SwiftKey is our top choice when it comes to third-party Android keyboards. The latest instalment of the top-selling Android app is called SwiftKey Flow, and brings trace entry to the smart keyboard.
The SwiftKey Flow Beta has just gone live for those 75,000 users on the VIP programme, meaning it's now a public (ish) beta: if you're on the list you should have the email about where to go and download it. We got our hands on the new app a couple of days in advance, to give it a test run.
The timing of SwiftKey Flow is crucial as Android 4.2 Jelly Bean, making its debut on the Nexus 4, brings trace entry to the stock Android keyboard for the first time, as well as predictive text entry.
At first we were concerned that Android 4.2's keyboard would make it difficult to find a need for SwiftKey, as Android's trace entry is pretty good. So good, in fact, that having reviewed the Nexus 4 with the stock keyboard, we stuck with it.
However, even though both systems offer a combination of trace, tap and predictive suggestions, SwiftKey Flow is better and certainly something to get excited about. The fusion of trace and tap entry is great, meaning that you can swipe around in portrait, or double-thumb in landscape, or use a combination of everything.
When once we started to use SwiftKey Flow, and it learnt and adapted to our language use, we found it nailed the correct word more frequently than the stock keyboard would.
But it also offers a little more, an additional feature SwiftKey is calling "Flow Through Space". This will let you swipe in a string of words without lifting your finger from the keyboard. You simply swipe the space bar in and SwiftKey knows you're starting a new word.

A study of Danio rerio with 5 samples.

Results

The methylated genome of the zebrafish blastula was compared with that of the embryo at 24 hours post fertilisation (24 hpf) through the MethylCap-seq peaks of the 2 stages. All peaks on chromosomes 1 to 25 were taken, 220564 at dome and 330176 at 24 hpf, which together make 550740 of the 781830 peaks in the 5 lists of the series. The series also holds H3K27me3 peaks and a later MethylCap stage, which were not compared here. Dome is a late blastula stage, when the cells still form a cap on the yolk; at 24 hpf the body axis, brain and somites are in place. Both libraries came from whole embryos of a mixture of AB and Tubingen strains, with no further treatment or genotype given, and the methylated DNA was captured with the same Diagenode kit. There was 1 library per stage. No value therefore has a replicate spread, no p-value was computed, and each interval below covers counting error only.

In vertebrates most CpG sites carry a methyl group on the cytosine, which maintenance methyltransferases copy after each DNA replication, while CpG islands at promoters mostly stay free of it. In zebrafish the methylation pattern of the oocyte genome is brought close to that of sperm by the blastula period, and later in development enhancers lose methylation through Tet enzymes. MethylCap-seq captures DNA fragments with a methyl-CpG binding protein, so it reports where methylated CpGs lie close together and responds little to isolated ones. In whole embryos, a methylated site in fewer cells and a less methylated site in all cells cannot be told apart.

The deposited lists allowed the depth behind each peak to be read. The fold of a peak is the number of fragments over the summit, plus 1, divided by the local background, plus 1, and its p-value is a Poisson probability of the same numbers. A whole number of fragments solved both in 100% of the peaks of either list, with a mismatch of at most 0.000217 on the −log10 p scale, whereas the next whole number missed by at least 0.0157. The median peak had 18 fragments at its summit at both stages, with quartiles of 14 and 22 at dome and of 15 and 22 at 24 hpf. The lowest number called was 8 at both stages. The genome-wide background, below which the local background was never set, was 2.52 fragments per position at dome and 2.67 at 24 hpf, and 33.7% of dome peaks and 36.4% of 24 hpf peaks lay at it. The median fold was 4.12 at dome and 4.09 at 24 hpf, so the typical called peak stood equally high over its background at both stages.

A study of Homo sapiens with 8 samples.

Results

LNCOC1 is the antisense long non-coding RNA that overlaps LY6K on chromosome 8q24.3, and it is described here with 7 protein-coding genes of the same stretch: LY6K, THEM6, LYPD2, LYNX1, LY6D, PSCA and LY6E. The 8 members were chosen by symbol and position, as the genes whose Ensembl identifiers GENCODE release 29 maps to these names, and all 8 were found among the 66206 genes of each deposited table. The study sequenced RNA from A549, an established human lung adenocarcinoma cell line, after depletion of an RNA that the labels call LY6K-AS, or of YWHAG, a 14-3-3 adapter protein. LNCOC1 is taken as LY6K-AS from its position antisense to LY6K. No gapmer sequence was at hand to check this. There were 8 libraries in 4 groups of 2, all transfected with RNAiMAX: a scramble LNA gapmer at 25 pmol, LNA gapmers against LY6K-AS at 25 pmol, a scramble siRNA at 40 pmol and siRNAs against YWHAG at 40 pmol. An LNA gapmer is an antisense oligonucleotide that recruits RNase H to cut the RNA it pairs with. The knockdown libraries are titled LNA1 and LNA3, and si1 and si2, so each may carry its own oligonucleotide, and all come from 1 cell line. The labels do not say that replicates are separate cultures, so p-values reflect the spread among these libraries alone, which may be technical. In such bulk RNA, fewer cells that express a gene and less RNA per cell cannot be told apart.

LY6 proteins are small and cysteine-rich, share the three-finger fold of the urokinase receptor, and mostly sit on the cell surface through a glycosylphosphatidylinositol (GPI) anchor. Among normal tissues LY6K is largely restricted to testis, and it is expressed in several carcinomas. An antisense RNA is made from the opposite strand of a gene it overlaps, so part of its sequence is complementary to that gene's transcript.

Flow Through Space takes some practice and it sort of reminds us of the spaceless text you string together when you're reeeeaallyreeeeallydrunk. We found it worked for short sentences like "I'm coming home", but a full sentence in a formal email seemed to confuse it.
Visually, SwiftKey Flow is better looking than stock Android. Jelly Bean's keyboard has a bold, almost marker pen-like trace, but SwiftKey looks dynamic, changing from blues through purple. That's just in the default Cobalt theme. Switch to Fuchsia and you'll have a pink trace, Pumpkin gives you orange, fading through yellow, as you swipe across the screen of your device.
Our impression is that SwiftKey Flow Beta is faster and more dynamic than Android's stock keyboard. In adding trace, the keyboard hasn't lost out, it still lets you tap in words and it still suggests your next word intelligently as you type. It's a great step forward for the keyboard.
There are separate beta apps for smartphones and tablets. If you've received the email, you'll get links to both varieties so you have all bases covered.
There isn't a confirmed word on when it will come out of beta, but we're expecting an early-2013 launch.